Call this the most stark case of buyer’s remorse ever. “Khadija” went from being a Free Syrian Army rebel to an ISIS enforcer, joining the Khansa’a Brigade of women who brutally imposed shari’a law on women in the Islamic State. Drawn to Raqqa by a romance with a fighter, the beheading of a young man and the beating of women for minor violations of the dress code demanded by ISIS had her thinking twice about her life choice. “I am not like this. I have a degree in education,” she told herself — and escaped across the border into Turkey:
She found herself drawn to the eloquence of a Tunisian whom she met online. Taken with his manners, she grew to trust him over time and he gradually lured her into the Islamic State, she said. He assured her that the group was not what people thought, that it was not a terrorist organization.
“He would say, ‘We are going to properly implement Islam. Right now we are in a state of war, a phase where we need to control the country, so we have to be harsh.'”
He told her he was coming to the Syrian city of Raqqa, that they could even get married.
“I got in touch with my cousin, and she said, ‘You can come join us in the Khansa’a Brigade. She was living in Raqqa with her husband who was with the Islamic State,” Khadija said. The brigade is the feared, all-female police for ISIS.
Khadija is at least honest about her initial motivations. After spending years feeling powerless against a state, suddenly she was the one giving the orders. That sense of fulfillment didn’t last long, though:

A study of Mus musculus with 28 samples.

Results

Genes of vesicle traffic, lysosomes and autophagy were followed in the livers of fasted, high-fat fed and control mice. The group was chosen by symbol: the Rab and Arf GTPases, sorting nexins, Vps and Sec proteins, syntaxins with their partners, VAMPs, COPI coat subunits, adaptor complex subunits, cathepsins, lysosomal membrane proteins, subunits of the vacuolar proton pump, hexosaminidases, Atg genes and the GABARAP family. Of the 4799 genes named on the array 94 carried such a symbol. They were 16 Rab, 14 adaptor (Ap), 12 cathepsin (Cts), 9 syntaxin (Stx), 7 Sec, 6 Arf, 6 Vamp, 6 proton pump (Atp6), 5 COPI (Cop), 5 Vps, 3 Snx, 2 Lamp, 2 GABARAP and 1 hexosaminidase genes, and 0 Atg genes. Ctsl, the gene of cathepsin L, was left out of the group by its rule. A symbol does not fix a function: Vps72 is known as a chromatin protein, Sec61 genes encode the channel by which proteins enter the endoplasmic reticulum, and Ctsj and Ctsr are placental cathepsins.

“At the start, I was happy with my job. I felt that I had authority in the streets. But then I started to get scared, scared of my situation. I even started to be afraid of myself.”
She started thinking: “I am not like this. I have a degree in education. I shouldn’t be like this. What happened to me? What happened in my mind that brought me here?”
And her image of ISIS began to crumble.
Burned into her mind is an image she saw online of a 16-year-old boy who was crucified for rape. She questioned her inclusion in a group capable of such violence.
“The worst thing I saw was a man getting his head hacked off in front of me,” she said.
She didn’t get out, though, until she saw what happened to women under ISIS control — even those who married ISIS fighters. Despite their claims that they reserved their brutality for the war against the infidels, the men routinely committed violence against their wives, especially sexual violence. When her commander began pressuring Khadija to marry, that’s when she got out — and left her family behind after convincing them to follow her to Raqqa.
It’s difficult to feel much sympathy for Khadija. She ran to ISIS for power, putting her family in danger — and then ran off when it got dangerous for herself. Perhaps it got lost in the edit, but there’s nothing in the video that suggests she feels remorse for the victims of her own actions as a member of the brigade. Khadija seems focused only on the consequences of her choices on herself.
Still, this is not a bad interview to have on the record, especially when it comes to combating the propaganda ISIS uses for recruitment. Khadija can act as a cautionary tale for foolish young adults of both genders who find something romantic — literally and figuratively — from the brutal exercise of raw power, regardless of the context in which it is exercised.